Israelis Pay Homage to American ‘Schindler’


In 1967, an American freelance writer named Varian Fry died at age 59 in obscurity.

Two books about his adventures in German-occupied France sold poorly. Most of the people he knew during World War II never contacted him after he returned to the United States. And the U.S. government that had once reprimanded him never apologized.

But Monday, Israel belatedly honored the man who saved thousands of Jews from the Nazis. Secretary of State Warren Christopher was the keynote speaker at a ceremony acknowledging Fry’s heroism and humanity.

“Fry was an American Oskar Schindler, an American Raoul Wallenberg,” said an Israeli woman who attended the ceremony at Jerusalem’s Yad Vashem Holocaust Memorial Museum.


Fry saved nearly 4,000 Jews--almost four times the number saved by Schindler, a German businessman made famous in the 1993 movie “Schindler’s List.” Like Wallenberg, the Swedish diplomat, Fry used visas in his first effort to get Jews out of France. Then he turned to purloined or forged passports, false travel credentials and any other device he could think of to help get the Jews to safety.

Among the Jews he rescued were some of the world’s greatest cultural figures, from artists Marc Chagall and Max Ernst to writer Hannah Arendt and sculptor Jacques Lipchitz.

“Regretfully, during his lifetime, his heroic actions never received the support they deserved from my government,” Christopher acknowledged at the ceremony, at which Fry was named one of the “Righteous Among the Nations,” an award given by Israel to non-Jews who risked their lives to save Jews. He is the first American-born recipient of the award.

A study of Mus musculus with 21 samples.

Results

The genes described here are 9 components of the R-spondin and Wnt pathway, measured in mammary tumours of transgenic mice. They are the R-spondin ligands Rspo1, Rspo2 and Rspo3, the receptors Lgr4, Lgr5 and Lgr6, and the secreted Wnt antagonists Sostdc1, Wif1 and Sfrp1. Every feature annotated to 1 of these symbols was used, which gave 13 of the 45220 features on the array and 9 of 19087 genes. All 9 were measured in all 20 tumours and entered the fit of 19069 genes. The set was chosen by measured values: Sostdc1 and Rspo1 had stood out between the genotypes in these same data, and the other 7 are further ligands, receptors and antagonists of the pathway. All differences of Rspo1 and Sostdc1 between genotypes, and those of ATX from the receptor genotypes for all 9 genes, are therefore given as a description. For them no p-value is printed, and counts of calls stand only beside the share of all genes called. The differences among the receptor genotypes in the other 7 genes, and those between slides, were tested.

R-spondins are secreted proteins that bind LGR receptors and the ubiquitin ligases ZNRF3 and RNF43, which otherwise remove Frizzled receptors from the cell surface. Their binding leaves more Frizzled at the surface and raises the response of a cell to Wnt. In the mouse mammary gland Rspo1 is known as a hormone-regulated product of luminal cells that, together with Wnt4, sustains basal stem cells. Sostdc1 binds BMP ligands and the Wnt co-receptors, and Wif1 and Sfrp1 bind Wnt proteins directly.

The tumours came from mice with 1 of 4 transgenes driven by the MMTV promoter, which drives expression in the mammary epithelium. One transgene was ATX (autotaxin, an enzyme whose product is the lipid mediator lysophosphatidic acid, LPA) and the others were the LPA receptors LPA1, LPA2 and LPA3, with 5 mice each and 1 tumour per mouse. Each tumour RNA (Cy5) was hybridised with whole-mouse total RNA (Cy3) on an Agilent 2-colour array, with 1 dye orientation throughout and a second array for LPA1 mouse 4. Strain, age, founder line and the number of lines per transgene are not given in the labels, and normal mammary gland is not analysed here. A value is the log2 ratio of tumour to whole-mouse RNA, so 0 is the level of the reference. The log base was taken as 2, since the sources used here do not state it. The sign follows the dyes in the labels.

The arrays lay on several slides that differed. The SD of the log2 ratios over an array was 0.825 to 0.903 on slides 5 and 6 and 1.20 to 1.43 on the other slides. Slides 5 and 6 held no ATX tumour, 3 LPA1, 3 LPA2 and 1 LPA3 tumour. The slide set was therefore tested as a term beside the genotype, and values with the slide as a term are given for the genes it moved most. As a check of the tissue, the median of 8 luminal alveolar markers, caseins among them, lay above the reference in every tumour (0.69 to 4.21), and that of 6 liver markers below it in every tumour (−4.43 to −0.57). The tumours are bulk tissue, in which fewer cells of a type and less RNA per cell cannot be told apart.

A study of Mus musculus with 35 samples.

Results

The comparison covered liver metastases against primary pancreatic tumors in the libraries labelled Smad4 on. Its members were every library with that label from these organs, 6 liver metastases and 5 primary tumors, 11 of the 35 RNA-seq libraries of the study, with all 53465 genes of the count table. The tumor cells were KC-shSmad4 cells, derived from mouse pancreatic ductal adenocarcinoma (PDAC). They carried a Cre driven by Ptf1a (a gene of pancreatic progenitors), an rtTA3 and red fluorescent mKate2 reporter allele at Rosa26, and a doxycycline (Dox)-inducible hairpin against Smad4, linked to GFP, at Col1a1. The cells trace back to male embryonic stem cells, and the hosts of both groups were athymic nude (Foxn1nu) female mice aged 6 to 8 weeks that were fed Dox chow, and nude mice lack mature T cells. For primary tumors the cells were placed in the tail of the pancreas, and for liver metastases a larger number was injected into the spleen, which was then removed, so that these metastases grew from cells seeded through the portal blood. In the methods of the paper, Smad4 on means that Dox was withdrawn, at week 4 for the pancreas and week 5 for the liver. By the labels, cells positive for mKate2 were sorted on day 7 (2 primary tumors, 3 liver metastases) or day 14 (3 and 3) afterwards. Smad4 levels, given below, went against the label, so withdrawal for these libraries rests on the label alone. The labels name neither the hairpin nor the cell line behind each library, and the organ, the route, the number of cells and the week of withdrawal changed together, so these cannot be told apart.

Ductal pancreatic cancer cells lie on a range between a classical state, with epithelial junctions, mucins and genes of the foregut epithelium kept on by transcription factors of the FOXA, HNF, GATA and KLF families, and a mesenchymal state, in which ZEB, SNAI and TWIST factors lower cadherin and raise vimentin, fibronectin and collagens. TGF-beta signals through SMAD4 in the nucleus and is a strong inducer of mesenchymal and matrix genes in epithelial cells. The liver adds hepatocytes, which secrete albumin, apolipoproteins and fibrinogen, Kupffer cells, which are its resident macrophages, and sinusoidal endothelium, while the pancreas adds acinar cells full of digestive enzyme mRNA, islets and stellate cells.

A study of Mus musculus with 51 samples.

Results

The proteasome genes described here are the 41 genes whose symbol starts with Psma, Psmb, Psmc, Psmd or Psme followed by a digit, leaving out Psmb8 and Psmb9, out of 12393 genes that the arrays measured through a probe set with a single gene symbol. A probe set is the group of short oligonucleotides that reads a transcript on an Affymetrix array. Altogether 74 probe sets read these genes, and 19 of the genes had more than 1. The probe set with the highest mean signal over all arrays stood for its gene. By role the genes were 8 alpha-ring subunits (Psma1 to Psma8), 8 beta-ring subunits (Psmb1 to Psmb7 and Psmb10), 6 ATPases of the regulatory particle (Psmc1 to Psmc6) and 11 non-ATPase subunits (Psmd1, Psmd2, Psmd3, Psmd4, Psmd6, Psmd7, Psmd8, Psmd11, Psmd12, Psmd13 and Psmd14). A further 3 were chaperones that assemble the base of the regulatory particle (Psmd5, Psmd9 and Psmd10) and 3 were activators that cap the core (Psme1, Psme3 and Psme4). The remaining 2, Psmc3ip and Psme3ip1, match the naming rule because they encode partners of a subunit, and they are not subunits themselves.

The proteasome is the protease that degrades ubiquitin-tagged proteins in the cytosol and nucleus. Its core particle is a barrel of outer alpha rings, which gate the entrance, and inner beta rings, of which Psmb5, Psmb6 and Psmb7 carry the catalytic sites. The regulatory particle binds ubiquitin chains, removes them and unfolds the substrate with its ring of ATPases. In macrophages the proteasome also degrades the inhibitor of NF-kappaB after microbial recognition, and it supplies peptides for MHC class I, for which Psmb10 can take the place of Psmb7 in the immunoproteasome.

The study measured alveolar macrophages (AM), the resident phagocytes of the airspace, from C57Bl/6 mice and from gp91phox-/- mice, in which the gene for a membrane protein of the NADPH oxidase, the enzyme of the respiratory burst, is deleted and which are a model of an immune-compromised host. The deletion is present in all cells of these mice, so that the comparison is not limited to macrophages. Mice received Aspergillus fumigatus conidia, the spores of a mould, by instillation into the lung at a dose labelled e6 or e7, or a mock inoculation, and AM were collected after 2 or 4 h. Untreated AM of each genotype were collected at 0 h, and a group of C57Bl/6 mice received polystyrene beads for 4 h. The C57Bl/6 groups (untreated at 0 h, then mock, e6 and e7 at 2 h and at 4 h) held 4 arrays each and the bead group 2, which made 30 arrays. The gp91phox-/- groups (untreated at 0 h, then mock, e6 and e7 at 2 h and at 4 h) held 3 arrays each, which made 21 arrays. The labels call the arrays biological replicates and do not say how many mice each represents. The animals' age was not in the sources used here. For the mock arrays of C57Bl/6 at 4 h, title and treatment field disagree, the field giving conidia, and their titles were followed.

“It is therefore with pride, but also with humility, that I come here today as America’s secretary of state to honor this extraordinary humanitarian,” Christopher said.


Indeed, Fry’s efforts were actually hampered by Washington. When a three-week trip to assist 200 designated Jews turned into a 13-month mission to save any Jew he could find, Fry’s passport was seized by U.S. officials--leaving him without any identification behind enemy lines in France.

When he returned home, he was such an outspoken critic of U.S. policy on war refugees that the FBI opened a file on him--a move that later prevented him from getting work in defense industries. For the rest of his life, he had trouble finding jobs. He eventually became a teacher.


Fry’s odyssey started in 1940, when he was among a group of concerned Americans who brought the plight of Jews and refugees in Vichy France to the attention of First Lady Eleanor Roosevelt. She persuaded President Franklin D. Roosevelt to authorize the 200 special visas.


But immediately after Fry arrived in Marseilles, he realized he had to help more than the 200.

“The refugees began coming to my room the next day,” he wrote in 1945. “Many of them had been through hell; their nerves were shattered and their courage gone.”

The Harvard-educated classicist, who was described as eccentric and rather shy, found an out-of-work political cartoonist to create travel documents for the Jews. He bribed consuls for blank passports. And he dealt with smugglers of the Marseilles underworld to ship the human contraband as far as North Africa and the French West Indies, according to histories assembled here.

Fry’s adventure ended when he was arrested by French authorities acting with the approval of the U.S. Embassy. “We can’t support an American citizen who is helping people evade French law,” a U.S. diplomat told him.


He was deported to Spain in 1941, and he returned to New York, where he wrote and lectured about the plight of Jews and other war refugees. He also accurately predicted that Jews would be massacred throughout Europe.

In 1960, Fry received a Medal of Honor from France. The Holocaust museum in Washington showed an exhibit about him in 1993.

His work, however, has yet to be honored formally by the United States.